As the final horn went in the final game of the season for the Ottawa 67’s Hockey Club, it marked the ending of the 50th anniversary season. For some players it was their last game and for others, the start of a new generation.
Players and staff come and go but what remains the same is the people that believe, it’s the fans of the 67’s. We take a look back and celebrate what has made this franchise ours, but more importantly we look forward to what’s next.
So as the players take off their equipment for the last time this season, we see new opportunities. When one door closes, another opens; and in this case, it’s the beginning of the future.
The past 50 years have brought blood, sweat and tears to the Nation’s Capital. Including this past season, there’s been no shortage of emotions or milestones shared on-and-off the ice. As a franchise, the 67’s strive towards greatness year in and year out. By remembering the past and encouraging the future, Ottawa will continue to be home to one of the most respected junior franchises in Canada.
The Ottawa 67’s franchise carries a reputation that goes from generation to generation. The parties involved in this process made the hockey team a family before anything else. The past and present players, coaches and staff, but most importantly, members of the community, have given the city opportunities to succeed.
The past, present and future of 67’s hockey skates on the ice, sits in the stands and swings from the rafters. From past-greats like Denis Potvin, Brian Kilrea, Brian Campbell, Logan Couture, Tyler Toffoli, Sean Monahan to all of the present-studs on the current roster, there’s never knowing who’s next. The next 67’s alumni could be the kid attending his first-ever junior game or a player from a minor hockey league in Ottawa, but as we reflect back on 50 years – we look forward 10, 20, 30 years more.
The 50th anniversary season was a time to remember why we continue to cheer and why the players continue to play – it was a time to remember why we represent the red, white and black. By remembering the past and supporting the present, we fuel the future.
While reflecting on the past of the Barber Poles, it’s impossible not to remember the man who brought culture to Ottawa, Brian “Killer” Kilrea. Spending 35 seasons with the Ottawa 67’s franchise from 1974 to 2009, the winningest coach in junior hockey history, is forever-treasured in the city. Kilrea helped bring championships to the franchise, winning the J. Ross Robertson Cup (1977, 1984, 2001) and the Memorial Cup (1984, 1999).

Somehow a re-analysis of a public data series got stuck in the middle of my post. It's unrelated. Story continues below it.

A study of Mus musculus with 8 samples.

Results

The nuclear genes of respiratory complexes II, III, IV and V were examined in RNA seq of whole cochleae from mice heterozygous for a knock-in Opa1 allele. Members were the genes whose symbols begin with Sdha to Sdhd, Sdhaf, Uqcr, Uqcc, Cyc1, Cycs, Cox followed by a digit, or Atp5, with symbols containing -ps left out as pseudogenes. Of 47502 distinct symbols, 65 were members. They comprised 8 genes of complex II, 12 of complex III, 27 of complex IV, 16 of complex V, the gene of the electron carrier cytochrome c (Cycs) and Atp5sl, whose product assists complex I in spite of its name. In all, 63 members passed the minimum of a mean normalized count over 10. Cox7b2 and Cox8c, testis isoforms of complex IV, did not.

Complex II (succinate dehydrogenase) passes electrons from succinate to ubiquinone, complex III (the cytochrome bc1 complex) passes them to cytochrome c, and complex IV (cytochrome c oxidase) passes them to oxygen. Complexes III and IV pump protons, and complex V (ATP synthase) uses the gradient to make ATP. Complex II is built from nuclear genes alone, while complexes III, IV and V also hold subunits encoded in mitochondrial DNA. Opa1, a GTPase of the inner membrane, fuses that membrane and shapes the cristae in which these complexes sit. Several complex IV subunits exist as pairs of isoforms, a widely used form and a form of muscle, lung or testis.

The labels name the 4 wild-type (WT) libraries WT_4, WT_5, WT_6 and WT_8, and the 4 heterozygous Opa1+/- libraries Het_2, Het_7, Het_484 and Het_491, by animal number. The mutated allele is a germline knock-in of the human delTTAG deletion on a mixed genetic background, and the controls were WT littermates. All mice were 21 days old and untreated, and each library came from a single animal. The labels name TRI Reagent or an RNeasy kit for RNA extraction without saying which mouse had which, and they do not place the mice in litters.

From legendary coaches to NHL-caliber players, Ottawa has had its fair share. Some of the most notable alumni have had the honour to hoist their numbers in the rafters and for others, their time could be soon. If you look up among the championship and winning-season banners, you’ll see the numbers of 67’s greats Denis Potvin (#7), Doug Wilson (#7), Peter Lee (#14), Bobby Smith (#15) and most recently, Brian Campbell (#44), who was honoured during the 50th anniversary season. There’s no knowing who’s next to join them but there’s bound to be a few players one might think of when pondering the question of who it may be.
The structure of a team may stem from the players and coaches, but what gives a franchise undisputed respect is their role within the community. For the 50th anniversary the Ottawa 67’s club and Ottawa Sports & Entertainment Group engaged in 50 acts of kindness to give back to the community that have made rostering and operating a junior hockey team so easy.
For the 50th anniversary the presence of community was strong. The people that make the 67’s who they are – will always be one of the main focal points of the franchise. From programs like Team Up!, Elementary School Gym, Hardest Working Player, 67’s GOALS! School Program, 67’s Read to Succeed Program, Voyago Puck Delivery Kids, Canadian Tire Be A Star Program and 67’s Stop Program, the Ottawa 67’s made it a priority to provide youth and the community, the opportunity to be their best self. By partnering with several businesses, local schools and community groups, the 67’s were able to round up what has been the most important thing these past 50 years – the future.
So as 50 is in the rear-view mirror and 51 is quickly approaching, we acknowledge what has defined us. We’ve learned from the past and we make the most out of the present, but most importantly, we prepare for what’s next as we look onwards to a bright, community-driven future. Here’s to 50 more.